Developers have been accused of a ‘half-hearted’ response to calls to protect great crested newts on land that represents one of the last medieval boundaries of Haywards Heath.
The 10-hectare ‘green lung’ known as Birchen Fields, on the Haywards Heath/Lindfield boundary, is threatened by a plan from Crest Nicholson to build 48 homes.
The plan was temporarily halted when opposition group Save Birchen Fields’ resident zoologist and British repltile expert Dr Fiona Tyson pointed out the presence of not only European protected newts but protected British lizards, slow worms and grass snakes and five species of globally threatened birds.
The West Sussex’s principal archaeologist Mark Taylor has also now objected to the housing bid saying it will “adversely affect a remnant of medieval assart landscape bounded to the west by the railway built in the 1840s, to the north by the golf course and to the east by the limit of 20th century westward expansion of Haywards Heath”.
The fields were cleared between 1066 and 1499 and Mr Taylor says the landscape is “the sole survivor of the once open farmland setting” of the listed Sunte House and Wickham Farm.
County’s senior ecologist Don Baker concurred saying he ‘strongly recommended’ that Crest do a survey of the great crested newt population before resubmitting its planning application.
But Dr Tyson said no survey had yet been done and Mid Sussex District Council had now revalidated the application. She said Crest’s proposals were for a less extensive survey than recommended by Natural England.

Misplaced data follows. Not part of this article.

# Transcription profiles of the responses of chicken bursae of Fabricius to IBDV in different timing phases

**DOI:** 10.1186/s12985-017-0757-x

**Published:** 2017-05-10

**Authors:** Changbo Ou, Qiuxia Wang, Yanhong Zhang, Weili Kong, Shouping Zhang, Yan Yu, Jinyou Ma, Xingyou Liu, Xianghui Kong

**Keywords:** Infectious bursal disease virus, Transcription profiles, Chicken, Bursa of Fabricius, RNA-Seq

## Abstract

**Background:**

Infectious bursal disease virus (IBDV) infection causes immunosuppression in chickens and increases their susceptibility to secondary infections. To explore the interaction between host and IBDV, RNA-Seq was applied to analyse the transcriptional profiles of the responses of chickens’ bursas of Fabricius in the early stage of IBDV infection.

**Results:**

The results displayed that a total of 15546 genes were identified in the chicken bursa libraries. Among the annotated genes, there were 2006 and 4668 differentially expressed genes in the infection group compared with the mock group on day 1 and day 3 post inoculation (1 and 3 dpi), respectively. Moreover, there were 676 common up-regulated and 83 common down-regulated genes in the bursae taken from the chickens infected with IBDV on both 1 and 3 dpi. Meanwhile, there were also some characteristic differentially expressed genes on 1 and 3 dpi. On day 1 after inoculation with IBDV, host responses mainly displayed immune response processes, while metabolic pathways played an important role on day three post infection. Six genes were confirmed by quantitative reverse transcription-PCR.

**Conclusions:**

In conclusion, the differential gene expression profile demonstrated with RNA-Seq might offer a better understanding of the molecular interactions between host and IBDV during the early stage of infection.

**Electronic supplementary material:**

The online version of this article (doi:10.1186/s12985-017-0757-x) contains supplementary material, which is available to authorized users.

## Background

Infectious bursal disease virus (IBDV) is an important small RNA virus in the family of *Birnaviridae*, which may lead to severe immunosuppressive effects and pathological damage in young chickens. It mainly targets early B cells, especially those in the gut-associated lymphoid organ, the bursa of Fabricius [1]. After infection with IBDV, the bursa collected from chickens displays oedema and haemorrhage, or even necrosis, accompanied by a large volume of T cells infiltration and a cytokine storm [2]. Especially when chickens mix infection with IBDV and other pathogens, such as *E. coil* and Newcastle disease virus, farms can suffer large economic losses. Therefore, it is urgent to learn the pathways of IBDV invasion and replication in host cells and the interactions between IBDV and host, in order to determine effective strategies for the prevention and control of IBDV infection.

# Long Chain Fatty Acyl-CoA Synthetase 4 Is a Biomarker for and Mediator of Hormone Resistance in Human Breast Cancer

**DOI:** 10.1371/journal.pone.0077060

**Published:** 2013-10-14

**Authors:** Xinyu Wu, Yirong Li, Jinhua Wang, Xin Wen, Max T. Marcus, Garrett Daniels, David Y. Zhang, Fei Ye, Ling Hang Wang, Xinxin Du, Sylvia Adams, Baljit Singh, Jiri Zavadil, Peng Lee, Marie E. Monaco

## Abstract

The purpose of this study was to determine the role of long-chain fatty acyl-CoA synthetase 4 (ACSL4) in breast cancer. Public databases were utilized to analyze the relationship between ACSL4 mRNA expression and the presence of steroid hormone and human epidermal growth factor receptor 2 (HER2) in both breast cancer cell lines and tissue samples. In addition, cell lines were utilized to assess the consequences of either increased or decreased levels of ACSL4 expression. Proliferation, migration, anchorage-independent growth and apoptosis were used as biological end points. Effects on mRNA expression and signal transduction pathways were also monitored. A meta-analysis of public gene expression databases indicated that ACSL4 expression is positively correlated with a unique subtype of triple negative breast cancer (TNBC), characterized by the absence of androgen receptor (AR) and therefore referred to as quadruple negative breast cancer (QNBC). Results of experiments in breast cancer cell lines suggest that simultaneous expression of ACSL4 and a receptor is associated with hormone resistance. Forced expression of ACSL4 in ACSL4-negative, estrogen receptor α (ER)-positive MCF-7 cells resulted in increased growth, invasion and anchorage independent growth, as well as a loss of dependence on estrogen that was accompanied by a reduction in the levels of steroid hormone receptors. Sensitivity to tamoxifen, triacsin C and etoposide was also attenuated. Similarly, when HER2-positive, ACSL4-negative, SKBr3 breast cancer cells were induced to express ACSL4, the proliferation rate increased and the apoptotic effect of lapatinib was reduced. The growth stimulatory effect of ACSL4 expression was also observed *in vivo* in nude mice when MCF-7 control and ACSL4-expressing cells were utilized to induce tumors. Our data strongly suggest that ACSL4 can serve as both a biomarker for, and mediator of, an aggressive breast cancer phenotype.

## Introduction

She said: “What they have agreed to do is very half-hearted, merely a presence or absence thing rather than a proper population survey of a terrestrial habitat.
“It will not have been done when the district council comes to determine the application in June or July, which is just awful.”
A spokesperson for Crest Nicholson said: “As a responsible developer, we place significant importance on mitigating the impact of our developments on the environment. Wherever possible we aim to introduce enhancements to encourage biodiversity. Prior to submitting our planning application for Birchen Fields, we undertook a survey of the landscape and wildlife at the site and are working with Natural England, who are due to grant us a licence to undertake a terrestrial survey of the site. The surveys are expected to show that there aren’t any Great Crested Newts on site.
“The historical significance of a site is also something that we work to protect; however, initial research indicates that there isn’t any trace of medieval history in the vicinity of where we propose to build. “
The company added that it would continue to address the concerns of residents.
Haywards Heath Town Council is discussing the application again on May 19. The deadline for comments to the district is tomorrow, May 16.